Arlington Park Barn Notes (5/12/11)
Contact: Graham Ross
In today's notes:
HINDSIGHT SHOULD HAVE HAZELTON 20-20 FOR HALL OF FAME
It’s like rediscovering a lost local treasure, realizing that legendary Chicago-based horseman Richard Hazelton is indeed back to training at Arlington Park after a hiatus of more than a year.
The 80-year-old conditioner reemerged officially on the local scene when he saddled Asiel Stable’s Heart Thief to finish fifth in last Saturday’s fifth race at Arlington, but he’s been a presence in the barn area for several weeks while appearing relaxed, happy, and enjoying himself.
Although he remains his usual reticent self, Hazelton is also continuously pleasant, exhibiting a dry, self-deprecating sense of humor these days while regaling visitors with his personal history at Arlington that began in 1951. He can talk easily, for instance, about a tornado that came through the grounds while he was living in a trailer on the backstretch “a long time ago” – leaving his trailer untouched while turning the one immediately next to his upside down and also displacing an iron starting gate from one side of the infield to the other.
“I’m always happy here,” said Hazelton this week outside his barn while in the presence of his protégé Carlos Silva, the former jockey who retired in third-place as Arlington’s all-time leading rider in 2009. “It’s good to be back here again at the barn with my old friend. He’s going to make it as a trainer. He’s always been a good horseman all those years he rode for me.”
For his part, Silva is anxious to return the compliment in spades. “Richard taught me just about everything I know,” the Chilean-born trainer-in-training said. “I will never know one quarter as much as he knows. He wasn’t only my boss all those years I rode for him. He was my best friend. He’s still my best friend and he belongs in the Hall of Fame. Just ask any trainer who has been around here a long time.”
Such a trainer would be Spanky Broussard, who while being interviewed by Hazelton’s television personality son Scott at Fair Grounds last winter, turned the interview around by asking the younger Hazelton what else his father might possibly accomplish to merit induction into the Racing Hall of Fame.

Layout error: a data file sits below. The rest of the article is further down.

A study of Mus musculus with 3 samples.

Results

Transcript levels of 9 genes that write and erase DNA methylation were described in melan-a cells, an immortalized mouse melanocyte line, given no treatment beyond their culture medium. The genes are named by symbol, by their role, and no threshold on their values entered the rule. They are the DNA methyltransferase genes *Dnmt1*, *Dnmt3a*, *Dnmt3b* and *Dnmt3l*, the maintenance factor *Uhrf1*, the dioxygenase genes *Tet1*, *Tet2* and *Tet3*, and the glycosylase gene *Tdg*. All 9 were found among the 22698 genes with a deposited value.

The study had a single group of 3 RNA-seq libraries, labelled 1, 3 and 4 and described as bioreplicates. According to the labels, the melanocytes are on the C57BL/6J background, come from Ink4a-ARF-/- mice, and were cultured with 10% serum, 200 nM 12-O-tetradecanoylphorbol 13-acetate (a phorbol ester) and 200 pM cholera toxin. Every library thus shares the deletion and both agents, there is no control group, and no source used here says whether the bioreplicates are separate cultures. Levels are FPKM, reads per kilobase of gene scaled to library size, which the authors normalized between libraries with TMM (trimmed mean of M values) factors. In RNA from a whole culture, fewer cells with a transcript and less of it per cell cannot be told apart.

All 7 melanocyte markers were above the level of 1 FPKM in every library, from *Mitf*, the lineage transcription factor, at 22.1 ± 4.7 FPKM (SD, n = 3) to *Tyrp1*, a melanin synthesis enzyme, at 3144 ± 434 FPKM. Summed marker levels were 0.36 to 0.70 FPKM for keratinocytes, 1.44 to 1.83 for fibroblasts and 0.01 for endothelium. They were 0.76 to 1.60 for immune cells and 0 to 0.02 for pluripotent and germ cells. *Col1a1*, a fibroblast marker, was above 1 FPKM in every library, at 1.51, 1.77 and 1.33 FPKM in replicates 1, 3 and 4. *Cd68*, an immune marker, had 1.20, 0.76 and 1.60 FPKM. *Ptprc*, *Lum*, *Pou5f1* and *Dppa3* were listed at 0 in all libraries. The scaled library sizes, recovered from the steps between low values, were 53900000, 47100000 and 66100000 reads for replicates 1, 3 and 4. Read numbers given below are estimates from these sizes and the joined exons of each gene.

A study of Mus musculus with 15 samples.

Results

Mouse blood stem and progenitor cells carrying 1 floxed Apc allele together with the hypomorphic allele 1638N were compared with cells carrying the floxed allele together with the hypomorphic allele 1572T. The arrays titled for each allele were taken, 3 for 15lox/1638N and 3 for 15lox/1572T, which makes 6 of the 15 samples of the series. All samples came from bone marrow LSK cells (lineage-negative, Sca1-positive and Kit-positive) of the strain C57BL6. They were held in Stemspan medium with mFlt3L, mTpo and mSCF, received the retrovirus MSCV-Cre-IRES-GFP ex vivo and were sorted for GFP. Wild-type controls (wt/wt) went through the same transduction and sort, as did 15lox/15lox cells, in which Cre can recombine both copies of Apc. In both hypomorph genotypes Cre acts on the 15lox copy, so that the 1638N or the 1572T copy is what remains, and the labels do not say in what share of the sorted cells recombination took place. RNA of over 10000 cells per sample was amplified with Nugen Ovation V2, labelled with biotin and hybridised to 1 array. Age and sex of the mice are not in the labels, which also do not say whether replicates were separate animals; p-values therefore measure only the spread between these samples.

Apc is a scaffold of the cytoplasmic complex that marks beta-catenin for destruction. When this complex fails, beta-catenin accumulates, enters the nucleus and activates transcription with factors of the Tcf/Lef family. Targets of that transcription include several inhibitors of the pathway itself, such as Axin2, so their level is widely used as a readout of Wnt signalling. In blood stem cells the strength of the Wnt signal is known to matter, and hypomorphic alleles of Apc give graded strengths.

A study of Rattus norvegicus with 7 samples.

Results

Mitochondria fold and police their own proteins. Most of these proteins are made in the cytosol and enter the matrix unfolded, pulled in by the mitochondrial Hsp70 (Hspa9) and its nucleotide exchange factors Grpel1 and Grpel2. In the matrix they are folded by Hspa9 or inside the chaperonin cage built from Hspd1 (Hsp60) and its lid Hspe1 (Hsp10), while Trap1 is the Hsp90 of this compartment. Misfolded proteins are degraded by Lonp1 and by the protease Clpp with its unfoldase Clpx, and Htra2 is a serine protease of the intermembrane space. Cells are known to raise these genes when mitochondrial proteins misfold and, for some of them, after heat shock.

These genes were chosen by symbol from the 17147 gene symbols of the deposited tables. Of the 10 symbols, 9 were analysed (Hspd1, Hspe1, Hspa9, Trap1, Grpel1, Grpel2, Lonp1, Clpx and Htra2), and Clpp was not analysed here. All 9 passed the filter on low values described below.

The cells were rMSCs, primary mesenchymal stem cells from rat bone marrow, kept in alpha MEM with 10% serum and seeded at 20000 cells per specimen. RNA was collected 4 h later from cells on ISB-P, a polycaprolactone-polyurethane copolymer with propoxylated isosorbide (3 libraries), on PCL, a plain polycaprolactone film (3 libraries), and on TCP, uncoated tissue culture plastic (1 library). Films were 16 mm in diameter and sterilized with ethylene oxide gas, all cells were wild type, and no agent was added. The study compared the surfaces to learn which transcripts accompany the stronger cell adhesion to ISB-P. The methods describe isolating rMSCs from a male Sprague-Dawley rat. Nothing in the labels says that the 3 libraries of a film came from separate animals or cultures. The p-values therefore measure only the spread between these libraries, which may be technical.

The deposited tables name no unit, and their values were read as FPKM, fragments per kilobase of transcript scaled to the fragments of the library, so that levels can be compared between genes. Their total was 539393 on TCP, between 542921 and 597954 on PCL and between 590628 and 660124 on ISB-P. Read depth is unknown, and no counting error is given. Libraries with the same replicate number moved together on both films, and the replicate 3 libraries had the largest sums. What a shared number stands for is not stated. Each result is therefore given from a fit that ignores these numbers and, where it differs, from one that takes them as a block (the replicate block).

Hazelton is easily Arlington’s all-time leading trainer, credited with 1,181 wins at Chicago’s northwest oval, and he was also honored in Chicago for reaching the 4,000 career-win milestone in 1994.
Nevertheless, Hazelton, born in Phoenix, Arizona, started his racetrack career as a jockey, and was leading rider at Caliente in Mexico in 1945. He started training at 17, and achieved his first training win at Silver City, New Mexico, in 1948. He captured 17 consecutive training titles at Sportsman’s Park from 1971-1987 and holds more training titles at that track than any other conditioner. His 48 wins at Hawthorne in 1986 still stands as that track’s record and Hazelton also won Hawthorne training crowns in 1995 and 1996.
However, it has always been at Arlington that Hazelton’s star has shown the brightest. He has won Arlington’s training championship eight times: 1969, ’71, ’72, ’73, ’75, ’81, ’82 (in a tie with Joe Bollero) and ’84. Hazelton’s stakes wins at Arlington include the 1968 Sheridan with Good Investment, the 1975 Round Table with Crafty Drone, the 1981 American Derby with Pocket Zipper and the 1982 Sheridan with Jungle Blade.
In other Windy City achievements, Hazelton trainee Maxwell G., a Chicago favorite for years, retired at age 16 after winning 47 of 233 career starts, and longtime local horsemen remain in awe of his coup in Sportman’s 1984 National Jockey Club Handicap when he saddled Prince Forli, Full Flame and Spare Card to finish first, second, and third in that order.
But now, Hazelton has decided not to rest on those laurels. He talks of the difficulty he had driving from his Bartlett home to Arlington during a driving rainstorm before dawn last week, but he talks about it with a smile on his face and he’s obviously still choosing to make that drive everyday. So you know he still loves the training game, and like he says – “It feels good to be back here.”
E. T. RIDES SECOND CONSECUTIVE HAT TRICK WEDNESDAY
After riding three winners at Arlington Sunday, jockey E. T. Baird scored his second consecutive riding triple when racing returned Wednesday, vaulting him into a tie for the lead in the local jockey standings with Eddie Perez, who had a riding double on the same program.
Baird’s Wednesday hat trick began in the second half of the Daily Double aboard Darley Stable’s Wall Dance for trainer Eoin Harty, and the Chicago-born reinsman came back to the winner’s circle after the sixth on The Best Is Yet To Come Stable’s Test Market for conditioner Dale Bennett; Baird completed his triple astride Margaret Burlingham’s Saint Leon for trainer Michele Boyce.
Perez won Wednesday’s fourth on Team Block’s Mavericking, noted for finishing third behind the runner-up finish of eventual 2011 Kentucky Derby winner Animal Kingdom in what was the first start of both their careers last Sept. 18 at Arlington. The Mexican-born Perez then came back to the winner’s circle in Wednesday’s finale aboard Silver Wing Stables’ Stig’s Deputy for conditioner Manny Perez.